China Coronavirus Outbreak Updates Can Now Be Tracked Live Online with This Dashboard

An online tool that provides live updates on the spread of the new coronavirus that emerged in Wuhan, China, in December last year has been developed by scientists. The virus, which causes pneumonia-like symptoms, has so far been detected in at least 11 countries, with almost 4,500 cases confirmed.

Experts at Johns Hopkins University's Center for Systems Science and Engineering created the dashboard to track reported cases of the infection. The information is also available as a Google spreadsheet.

The webpage includes the total number of deaths, confirmed cases, and the number of people who have recovered from the virus which has been linked to a wholesale seafood market in Wuhan, where live animals were sold. The information is plotted on a map, as well as in tables on either side.

The dashboard works by pulling in and visualizing data from official bodies including the World Health Organization (WHO), the Centers for Disease Control and Prevention (CDC) in the U.S., Europe, and China, as well as China's National Health Commission.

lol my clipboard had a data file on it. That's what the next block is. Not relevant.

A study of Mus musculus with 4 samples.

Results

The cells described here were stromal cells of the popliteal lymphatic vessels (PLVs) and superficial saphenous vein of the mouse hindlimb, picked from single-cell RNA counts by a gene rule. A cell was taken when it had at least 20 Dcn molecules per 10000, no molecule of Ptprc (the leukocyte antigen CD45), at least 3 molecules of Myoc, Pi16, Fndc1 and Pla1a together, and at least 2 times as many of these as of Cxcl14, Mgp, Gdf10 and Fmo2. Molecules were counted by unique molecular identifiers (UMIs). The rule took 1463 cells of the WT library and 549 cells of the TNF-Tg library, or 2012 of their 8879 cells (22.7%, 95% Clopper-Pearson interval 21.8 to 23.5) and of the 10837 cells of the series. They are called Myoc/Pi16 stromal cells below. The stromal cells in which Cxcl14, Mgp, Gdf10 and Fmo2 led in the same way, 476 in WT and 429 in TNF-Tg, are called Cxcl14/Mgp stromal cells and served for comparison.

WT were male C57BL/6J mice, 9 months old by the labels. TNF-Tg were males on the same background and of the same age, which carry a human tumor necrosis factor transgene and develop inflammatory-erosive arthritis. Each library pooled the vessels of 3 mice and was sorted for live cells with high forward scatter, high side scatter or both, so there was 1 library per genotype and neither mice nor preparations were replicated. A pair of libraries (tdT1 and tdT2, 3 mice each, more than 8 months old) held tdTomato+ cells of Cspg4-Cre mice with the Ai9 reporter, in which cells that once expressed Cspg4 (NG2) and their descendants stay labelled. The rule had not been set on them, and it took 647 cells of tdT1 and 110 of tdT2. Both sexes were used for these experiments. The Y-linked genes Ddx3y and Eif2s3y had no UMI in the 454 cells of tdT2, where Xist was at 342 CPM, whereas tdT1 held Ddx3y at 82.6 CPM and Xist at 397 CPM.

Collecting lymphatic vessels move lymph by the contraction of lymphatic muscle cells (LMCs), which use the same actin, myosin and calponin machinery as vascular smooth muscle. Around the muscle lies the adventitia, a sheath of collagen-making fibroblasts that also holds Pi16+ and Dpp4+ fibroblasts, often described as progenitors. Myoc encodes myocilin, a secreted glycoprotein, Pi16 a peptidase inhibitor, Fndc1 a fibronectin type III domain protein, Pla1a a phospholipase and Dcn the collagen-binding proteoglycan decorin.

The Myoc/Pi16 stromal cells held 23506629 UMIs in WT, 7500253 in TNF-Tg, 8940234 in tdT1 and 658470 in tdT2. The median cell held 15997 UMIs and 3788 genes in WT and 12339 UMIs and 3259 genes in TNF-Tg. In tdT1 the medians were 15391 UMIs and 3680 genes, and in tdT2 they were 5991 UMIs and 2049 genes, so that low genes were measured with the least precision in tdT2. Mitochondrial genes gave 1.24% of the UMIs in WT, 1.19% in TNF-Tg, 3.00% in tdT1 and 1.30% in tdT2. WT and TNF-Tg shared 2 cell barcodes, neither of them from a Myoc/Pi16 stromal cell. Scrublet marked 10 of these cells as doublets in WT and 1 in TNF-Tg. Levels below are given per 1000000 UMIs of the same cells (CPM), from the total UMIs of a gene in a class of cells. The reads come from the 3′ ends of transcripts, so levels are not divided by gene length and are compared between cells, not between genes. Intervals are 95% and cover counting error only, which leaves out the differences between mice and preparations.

According to a blog post by Lauren Gardner, an Associate Professor at Johns Hopkins University, the feed also takes data from DXY. This is a Chinese website that aggregates reports from China's National Health Commission and local Chinese CDC "in near real-time." She says this provides "more current regional case estimates than the national level reporting organizations are capable of, and is thus used for all the mainland China cases reported in our dashboard."


Gardner wrote: "The dashboard is intended to provide the public with an understanding of the outbreak situation as it unfolds, with transparent data sources."

According to the dashboard, a total of 107 people have died, all of which have occurred in mainland China. Overall, some 4,474 cases have been confirmed. However, a situation report by the WHO published on Monday put the number of cases globally at 2,798.

Symptoms of the virus include a fever, dry cough, shortness of breath, and trouble breathing. According to the WHO, it spread to at least 11 countries outside mainland China. The dashboard, however, states it has been identified in China, Hong Kong, Macau, as well as the U.S., Thailand, Taiwan, Singapore, Japan, South Korea, Malaysia, Australia, France, Nepal, Canada, Cambodia, Sri Lanka, Germany, with reports of it reaching the Ivory Coast.

Dubbed 2019-nCov, the new bug is a member of the large coronaviruses family that can cause conditions as mild as the common cold, to more severe infections like Severe Acute Respiratory Syndrome (SARS).

As the virus is new, scientists are now working to gain a better understanding of it. According to the information currently available, the WHO believes the virus has an incubation period of between two to 10 days.